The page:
Now that vaccines are available for everyone 12 and older in Washington state, and cases of the coronavirus are down, many establishments are reopening for perhaps the first time in over a year. This means that employees who have been furloughed or have been working remotely may now be expected to return to their place of business, which could cause anxiety if they are high risk, or still unsure about re-entering the world.
In this post, we’ll share the most current recommendations from the Center for Disease Control and Prevention (CDC); explain ways that businesses are protecting their staff; offer updated information as to when businesses are reopening; and provide guidance on what to do if you’re already back and suspect Covid-19 in your workplace.
What are the latest CDC safety recommendations?
The CDC encourages all eligible people to get vaccinated, but still remain home from work if experiencing any symptoms of Covid-19, or if exposed to someone known to have the virus. High risk employees and those who have not been vaccinated—or perhaps everyone, depending on the space of the location—may be required to wear masks at the office (at the discretion of your employer) to increase workplace safety. If needed, some employees may be eligible to take leave under the Family Medical Leave Act (FMLA) or the Families First Coronavirus Response Act.
When are businesses reopening?
Through June 29, all counties in Washington state will remain in Phase 3 on the roadmap to recovery. This means that professional, personal and worship services that take place indoors, as well as retail stores remain at 50% capacity. Outdoor social gatherings can include up to 50 people from outside the household and indoor can have up to 10. Spectators at sports competitions and outdoor entertainment establishments are allowed to reach a capacity of 400 people. As of June 30, barring any unforeseen spikes in virus cases, the state will fully reopen. This means if your office or facility isn’t already open, it will be able to open by the end of the month.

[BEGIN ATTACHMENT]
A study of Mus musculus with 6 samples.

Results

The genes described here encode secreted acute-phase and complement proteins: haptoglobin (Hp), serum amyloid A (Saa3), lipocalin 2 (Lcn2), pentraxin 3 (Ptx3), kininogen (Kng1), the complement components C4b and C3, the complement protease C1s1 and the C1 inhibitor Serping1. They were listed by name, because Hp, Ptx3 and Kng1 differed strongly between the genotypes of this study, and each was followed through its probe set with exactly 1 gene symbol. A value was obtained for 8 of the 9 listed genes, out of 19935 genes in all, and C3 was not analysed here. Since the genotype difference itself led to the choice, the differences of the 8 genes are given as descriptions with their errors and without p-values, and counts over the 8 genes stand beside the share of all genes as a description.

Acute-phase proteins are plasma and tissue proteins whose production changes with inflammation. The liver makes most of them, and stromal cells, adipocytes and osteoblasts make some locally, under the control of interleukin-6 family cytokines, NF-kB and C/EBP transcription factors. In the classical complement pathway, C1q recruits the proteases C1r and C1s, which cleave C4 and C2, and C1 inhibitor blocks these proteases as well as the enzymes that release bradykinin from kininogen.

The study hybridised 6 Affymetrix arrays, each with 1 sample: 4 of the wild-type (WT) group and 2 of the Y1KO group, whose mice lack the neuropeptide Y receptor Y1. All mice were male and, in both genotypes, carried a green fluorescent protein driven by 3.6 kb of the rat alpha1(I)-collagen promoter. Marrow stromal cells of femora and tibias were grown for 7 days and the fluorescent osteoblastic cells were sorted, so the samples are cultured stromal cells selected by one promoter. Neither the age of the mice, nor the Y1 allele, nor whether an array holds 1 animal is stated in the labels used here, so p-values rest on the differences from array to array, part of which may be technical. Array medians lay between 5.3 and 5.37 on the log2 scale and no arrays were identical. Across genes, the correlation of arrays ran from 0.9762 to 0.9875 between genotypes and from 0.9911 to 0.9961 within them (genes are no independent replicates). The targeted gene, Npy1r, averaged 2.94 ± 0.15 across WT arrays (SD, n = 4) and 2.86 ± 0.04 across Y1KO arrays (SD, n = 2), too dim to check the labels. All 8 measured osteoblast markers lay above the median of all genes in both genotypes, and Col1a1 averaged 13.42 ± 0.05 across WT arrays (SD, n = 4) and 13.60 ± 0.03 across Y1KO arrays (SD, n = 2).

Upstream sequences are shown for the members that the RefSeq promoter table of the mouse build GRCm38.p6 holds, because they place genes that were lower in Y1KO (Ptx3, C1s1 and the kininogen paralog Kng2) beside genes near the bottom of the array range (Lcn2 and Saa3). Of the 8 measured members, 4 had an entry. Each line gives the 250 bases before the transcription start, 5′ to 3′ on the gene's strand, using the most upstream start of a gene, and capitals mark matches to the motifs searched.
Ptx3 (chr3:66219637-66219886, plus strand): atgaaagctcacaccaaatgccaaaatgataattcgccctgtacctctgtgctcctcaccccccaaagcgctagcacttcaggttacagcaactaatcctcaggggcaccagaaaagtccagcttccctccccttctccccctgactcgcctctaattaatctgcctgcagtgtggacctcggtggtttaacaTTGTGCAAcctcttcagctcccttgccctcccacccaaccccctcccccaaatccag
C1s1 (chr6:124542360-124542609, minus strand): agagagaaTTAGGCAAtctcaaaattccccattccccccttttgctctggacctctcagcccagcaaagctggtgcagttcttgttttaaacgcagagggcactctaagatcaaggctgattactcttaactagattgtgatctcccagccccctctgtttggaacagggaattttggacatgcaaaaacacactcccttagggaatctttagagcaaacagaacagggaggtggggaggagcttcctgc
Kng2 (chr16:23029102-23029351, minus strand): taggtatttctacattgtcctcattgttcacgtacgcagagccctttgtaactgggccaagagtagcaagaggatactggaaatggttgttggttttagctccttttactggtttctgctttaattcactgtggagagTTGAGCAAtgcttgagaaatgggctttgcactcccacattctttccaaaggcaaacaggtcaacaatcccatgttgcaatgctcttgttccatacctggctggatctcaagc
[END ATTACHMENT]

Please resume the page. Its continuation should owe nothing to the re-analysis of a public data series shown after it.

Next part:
How are businesses protecting their employees?
It may be a relief to return to the things in daily life that bring us joy, such as seeing colleagues and collaborating in person, but many still wonder: When is it safe to return to the office and how are employers making sure we’re safe?
Of course each experience depends on the decisions made by the leaders of the organization for which you work, but the CDC has issued guidance for measures that can be taken by employers, which include:
- Staggering shift times to allow social distancing.
- Requiring masks be worn indoors.
- Actively encouraging those who are sick to stay home.
- Providing daily health checks (i.e. taking temperature, etc.).
- Furnishing barriers for contact between employees and the public.
- Cleaning and disinfecting common areas regularly.
- Increasing ventilation indoors.
What should you do if you suspect Covid-19 in the workplace?
If you suspect that one of your colleagues has contracted Covid-19, let the proper supervisor or human resources representative know (if they don’t self-identify) to ensure that person is isolated from others as soon as possible.
Next, let whomever is in charge know that they should disinfect any surfaces and areas (wearing gloves and PPE) that the suspected infected individual has touched. Following the cleaning, they should inform fellow employees who have come within 6 feet of the infected person for 15 minutes or longer that they have been exposed in a confidential manner that adheres to the Americans with Disabilities Act.
Finally, if you or any others who were exposed, be vigilant in taking your temperature and listening to your body. If you develop any symptoms, stay home and follow guidelines for when to get tested if your symptoms become severe.